How to identify a Docusign Phishing attack and protect your business

In an ever-growing technological age, almost everything has an electronic alternative, including the signing of documents. As a result, Docusign phishing is on the rise. Signing documents electronically saves time and money, with the ability to simply email across contracts and other important documents as opposed to manually posting them or chasing the signee in person. From mortgage documents and tax forms, to employee contracts and car deals, everything has the ability to be signed electronically. However, along with the benefits, electronic signatures can also have risks. 

Why Now? 

Scammers are opportunists, which means they will always utilise any vulnerabilities in the current climate to their advantage. With this in mind, there has been a significant rise in phishing attacks over the last 12 months due to the ongoing COVID-19 pandemic. 

With so many of us now relying on the online world to keep us working, communicating, and completing everyday tasks like food shops, it is no surprise that the perfect scenario has been set for scammers. One of the most common phishing attacks this year is scammers mimicking emails from document-signature companies such as DocuSign to trick users into giving up personal and financial information.

DocuSign is one of the world’s leading electronic signing services providers. By using their eSignature feature, users have the ability to sign their documents on almost any device. Then also send the documents to whoever is requesting it. The process is fast, smooth, and usually very safe. However, naturally there has been an increased usage of the services over the past year due to businesses working from home and people needing to avoid face-to-face contact as much as possible.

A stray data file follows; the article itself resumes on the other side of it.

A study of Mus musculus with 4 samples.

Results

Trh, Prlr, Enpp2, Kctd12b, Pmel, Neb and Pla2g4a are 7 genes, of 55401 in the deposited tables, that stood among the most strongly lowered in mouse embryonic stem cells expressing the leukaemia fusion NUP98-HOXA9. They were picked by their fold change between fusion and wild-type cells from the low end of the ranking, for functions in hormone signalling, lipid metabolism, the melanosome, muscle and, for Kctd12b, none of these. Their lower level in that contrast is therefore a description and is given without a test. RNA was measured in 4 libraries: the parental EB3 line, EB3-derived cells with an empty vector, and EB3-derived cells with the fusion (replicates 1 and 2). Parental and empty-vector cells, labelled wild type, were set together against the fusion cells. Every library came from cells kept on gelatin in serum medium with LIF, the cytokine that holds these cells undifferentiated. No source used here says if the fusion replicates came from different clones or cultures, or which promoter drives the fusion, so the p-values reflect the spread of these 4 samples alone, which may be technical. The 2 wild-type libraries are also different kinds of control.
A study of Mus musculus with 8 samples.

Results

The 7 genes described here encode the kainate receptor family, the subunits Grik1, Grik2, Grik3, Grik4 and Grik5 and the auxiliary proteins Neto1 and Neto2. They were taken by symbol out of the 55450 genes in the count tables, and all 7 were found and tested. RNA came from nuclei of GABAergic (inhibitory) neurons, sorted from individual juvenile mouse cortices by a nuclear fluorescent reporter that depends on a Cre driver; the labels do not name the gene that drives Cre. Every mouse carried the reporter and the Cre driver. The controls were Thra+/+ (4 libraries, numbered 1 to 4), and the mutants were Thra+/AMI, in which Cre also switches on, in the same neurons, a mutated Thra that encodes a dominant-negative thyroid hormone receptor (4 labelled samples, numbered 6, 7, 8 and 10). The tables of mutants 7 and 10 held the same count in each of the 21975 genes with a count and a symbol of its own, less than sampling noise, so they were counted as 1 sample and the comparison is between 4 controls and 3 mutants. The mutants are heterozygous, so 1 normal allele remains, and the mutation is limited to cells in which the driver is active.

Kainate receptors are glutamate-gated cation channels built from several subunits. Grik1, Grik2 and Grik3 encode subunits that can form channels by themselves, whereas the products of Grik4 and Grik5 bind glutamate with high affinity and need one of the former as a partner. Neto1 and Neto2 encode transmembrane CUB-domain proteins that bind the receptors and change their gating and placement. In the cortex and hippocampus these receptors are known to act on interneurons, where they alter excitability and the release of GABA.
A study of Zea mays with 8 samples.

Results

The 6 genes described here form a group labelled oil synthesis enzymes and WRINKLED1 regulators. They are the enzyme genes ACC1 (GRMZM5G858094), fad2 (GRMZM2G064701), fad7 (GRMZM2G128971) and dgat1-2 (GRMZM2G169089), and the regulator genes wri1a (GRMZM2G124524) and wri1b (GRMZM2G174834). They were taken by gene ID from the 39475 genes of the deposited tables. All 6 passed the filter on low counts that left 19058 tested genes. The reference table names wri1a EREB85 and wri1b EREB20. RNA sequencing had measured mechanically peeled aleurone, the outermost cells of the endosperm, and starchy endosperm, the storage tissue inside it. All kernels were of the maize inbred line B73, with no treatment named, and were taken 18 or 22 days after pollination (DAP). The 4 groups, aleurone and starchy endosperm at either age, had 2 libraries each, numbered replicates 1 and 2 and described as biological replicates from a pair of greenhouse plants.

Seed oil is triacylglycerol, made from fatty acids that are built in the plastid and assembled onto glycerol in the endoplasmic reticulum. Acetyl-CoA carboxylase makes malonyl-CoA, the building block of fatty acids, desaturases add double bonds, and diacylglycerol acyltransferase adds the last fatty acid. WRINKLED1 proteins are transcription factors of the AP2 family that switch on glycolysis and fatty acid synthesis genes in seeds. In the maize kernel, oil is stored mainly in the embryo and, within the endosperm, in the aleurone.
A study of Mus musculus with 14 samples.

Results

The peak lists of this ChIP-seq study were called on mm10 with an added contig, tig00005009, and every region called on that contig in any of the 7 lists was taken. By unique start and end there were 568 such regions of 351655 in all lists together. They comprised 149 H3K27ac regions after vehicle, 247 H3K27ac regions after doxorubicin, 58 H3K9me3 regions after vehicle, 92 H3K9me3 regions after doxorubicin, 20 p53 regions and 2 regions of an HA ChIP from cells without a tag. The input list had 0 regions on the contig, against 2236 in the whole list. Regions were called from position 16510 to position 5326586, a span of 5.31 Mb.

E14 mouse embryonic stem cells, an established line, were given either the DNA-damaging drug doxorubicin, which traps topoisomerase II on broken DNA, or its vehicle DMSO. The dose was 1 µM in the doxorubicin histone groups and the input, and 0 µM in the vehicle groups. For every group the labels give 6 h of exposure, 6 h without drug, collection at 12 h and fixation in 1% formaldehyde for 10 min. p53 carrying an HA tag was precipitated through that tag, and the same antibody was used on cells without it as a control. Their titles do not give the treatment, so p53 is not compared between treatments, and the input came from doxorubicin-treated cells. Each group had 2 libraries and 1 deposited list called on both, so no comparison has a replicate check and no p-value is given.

DocuSign Phishing Attacks 2020

As a result of these attacks, in April 2020 Docusign released a statement to warn people of this new phishing scam. The phishing email was claiming to come from Docusign, and the subject line is made to reflect this false information too. The company explained that the emails usually contained links to a dangerous Microsoft Word document that will download malware to your device if you run it. 

One month later in April 2020, the company realised another alert about another phishing campaign which was sending emails claiming to be from either a name or Docusign with subject lines that are likely to evoke a reaction from the reader. For example, one might say “Your Docusign account has been suspended” or “Notification: You have received a document inside”. The links within these harmful emails will navigate the user to different websites which request personal and financial information. Once provided, the information will be sent straight to the scammers who can use it to access your bank account and other financial sites. 

Warning Signs Of An Attack

Although it is hard to stop these phishing emails from being sent, you can ensure you do not become a victim of the scam by identifying whether or not the email is legit. Here are some top tips: 

  • You haven’t requested any documents to sign 
  • You do not recognise the sender’s name 
  • Check the URLs in the email – if they don’t go to Docusign, it’s likely the email is a scam
  • Look for typos in the text and the email address 

Contact Us Today

Cyber attacks and data breaches can be detrimental to businesses, so if you would like to ensure that your company is protected should you fall victim to a phishing attack, get in touch today. As one of the leading providers of Cyber and Data Breach Insurance, we can keep your company safe. 

Visit our website for more information on cyber security and how to protect your business.